Now that Hallowe'en and Thriller are over, we're back to creative work and choreography. This time we're taking up shapes and levels, which is a project that I've been using since I first started teaching, which I actually got from Susan Brown, one of my master teachers when I was student teaching. I'm not sure how it gels with creative dance teaching theory, since it focuses on two different dance elements — but I do like the way it gets beginning choreographers out of the "cute steps to favorite songs" rut right off the bat.
Over the years, I have done some refining of my creative work lessons leading up to the project. We began the week with a lesson on Level, starting with a basic freeze dance, focusing on shapes in various levels and shape copying ("make a high twisted shape… change it by changing one arm… one knee… look at E___'s shape and copy it… make your shape turn, make your shape jump, make your shape travel… Drop your shape and make a low, wide shape…"). We then took up the Erosion Game partner activity — one partner takes a high shape, the other partner molds him/her into a lower shape then copies it to be molded in turn… After four or five changes from high level to low level, the composition is all the shapes performed in unison, eroding to the ground. Simple but effective (and students always enjoy working with partners).
The second day, we worked on shapes and shape transitions. After a very brief recap freeze dance, we built on the previous day's work with shape copying for some Shape Tag — half the class freezes in a still shape while the other half dances around and through them, "tagging" a still dancer by copying her shape — with lots of giggles from the dancers as they found shapes to copy; then we worked on transitioning into and out of shapes. This is important to get dancers out of just dropping a shape and taking up the next one — so we did a lot of explorations with specific transitions: "melt out of your shape, glide to a new spot, and wiggle back into it… explode out of shape #1, gallop to a new spot and then stretch into shape #2…"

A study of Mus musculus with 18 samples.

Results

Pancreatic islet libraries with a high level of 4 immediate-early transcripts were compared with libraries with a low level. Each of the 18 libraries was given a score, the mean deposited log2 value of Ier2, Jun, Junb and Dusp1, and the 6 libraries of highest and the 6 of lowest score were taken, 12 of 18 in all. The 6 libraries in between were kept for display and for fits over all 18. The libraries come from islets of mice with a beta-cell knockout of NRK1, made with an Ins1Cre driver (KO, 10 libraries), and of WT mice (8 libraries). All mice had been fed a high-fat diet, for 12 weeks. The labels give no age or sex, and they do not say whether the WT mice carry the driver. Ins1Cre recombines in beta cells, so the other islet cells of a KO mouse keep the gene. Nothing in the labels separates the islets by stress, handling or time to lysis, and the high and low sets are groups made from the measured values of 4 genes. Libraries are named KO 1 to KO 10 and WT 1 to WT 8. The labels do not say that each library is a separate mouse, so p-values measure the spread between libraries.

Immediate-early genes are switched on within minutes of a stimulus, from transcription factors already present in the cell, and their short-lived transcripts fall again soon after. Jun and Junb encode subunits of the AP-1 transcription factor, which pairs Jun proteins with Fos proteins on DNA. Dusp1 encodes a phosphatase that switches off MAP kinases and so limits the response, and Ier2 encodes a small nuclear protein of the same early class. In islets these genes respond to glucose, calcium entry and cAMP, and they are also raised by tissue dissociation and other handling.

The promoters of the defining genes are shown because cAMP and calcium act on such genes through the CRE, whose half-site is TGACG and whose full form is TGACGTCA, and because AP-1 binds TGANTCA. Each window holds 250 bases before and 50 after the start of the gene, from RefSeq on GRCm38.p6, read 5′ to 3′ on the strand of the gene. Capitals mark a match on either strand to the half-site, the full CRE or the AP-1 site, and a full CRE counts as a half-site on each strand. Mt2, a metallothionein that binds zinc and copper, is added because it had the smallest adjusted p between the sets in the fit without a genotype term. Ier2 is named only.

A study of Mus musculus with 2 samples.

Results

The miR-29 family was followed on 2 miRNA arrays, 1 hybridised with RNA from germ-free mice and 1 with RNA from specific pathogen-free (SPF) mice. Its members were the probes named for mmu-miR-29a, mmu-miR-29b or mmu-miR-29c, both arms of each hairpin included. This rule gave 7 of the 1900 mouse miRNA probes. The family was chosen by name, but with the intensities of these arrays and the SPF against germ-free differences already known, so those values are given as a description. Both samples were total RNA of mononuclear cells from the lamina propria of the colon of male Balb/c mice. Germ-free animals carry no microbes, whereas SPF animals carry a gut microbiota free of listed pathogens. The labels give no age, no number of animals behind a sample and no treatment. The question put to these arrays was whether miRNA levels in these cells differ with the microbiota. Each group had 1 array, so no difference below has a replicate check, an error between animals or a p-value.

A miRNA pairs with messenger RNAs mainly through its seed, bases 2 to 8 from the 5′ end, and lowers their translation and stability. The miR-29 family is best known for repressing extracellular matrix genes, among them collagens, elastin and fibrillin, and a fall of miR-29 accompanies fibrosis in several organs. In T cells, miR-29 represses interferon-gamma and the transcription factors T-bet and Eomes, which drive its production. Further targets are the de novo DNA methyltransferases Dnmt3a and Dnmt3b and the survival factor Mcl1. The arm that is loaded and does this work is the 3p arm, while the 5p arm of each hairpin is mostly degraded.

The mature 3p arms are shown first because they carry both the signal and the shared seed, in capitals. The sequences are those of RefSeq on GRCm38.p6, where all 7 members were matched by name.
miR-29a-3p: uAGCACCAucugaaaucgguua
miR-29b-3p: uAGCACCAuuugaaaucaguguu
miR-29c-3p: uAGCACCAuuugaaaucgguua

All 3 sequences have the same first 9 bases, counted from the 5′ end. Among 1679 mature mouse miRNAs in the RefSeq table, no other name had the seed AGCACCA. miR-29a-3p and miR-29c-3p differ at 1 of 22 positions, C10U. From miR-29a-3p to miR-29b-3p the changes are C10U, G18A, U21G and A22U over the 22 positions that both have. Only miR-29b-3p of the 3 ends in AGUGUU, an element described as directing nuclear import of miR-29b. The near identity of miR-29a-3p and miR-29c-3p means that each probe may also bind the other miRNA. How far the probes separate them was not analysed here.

The third day we worked specifically with symmetry (and asymmetry) — we started by looking at some photos of symmetrical shapes in dance, then tried some of the "Man-on-a-stick" improv from Blom and Chaplin's book The Intimate Act of Choreography (what would we ever do without Blom and Chaplin?). Then we worked in pairs with some mirroring and trying a few symmetrical and asymmetrical shapes; and then each pair joined with one or two others to try a few group shapes.
After the three days of exploration, the group project began on Thursday: Create a dance that includes at least six group still shapes (at least three symmetrical and three asymmetrical) plus transitions between shapes, using a variety of levels. I always caution the students that we will be practicing these to amorphous instrumentals without a strong beat, as the starting point for the dance should be the shapes and not steps to music. I usually get a fair amount of whining about that part, but this time only a couple of groups asked about being able to use particular music (I just told them "let's get your dance set first, then think about it"), and for the most part all groups have dived in and gotten off to a good start. We hope to be finished the end of this coming week (though not sure, since it's only a three-day week) — I'm anxious to see how their dances come out!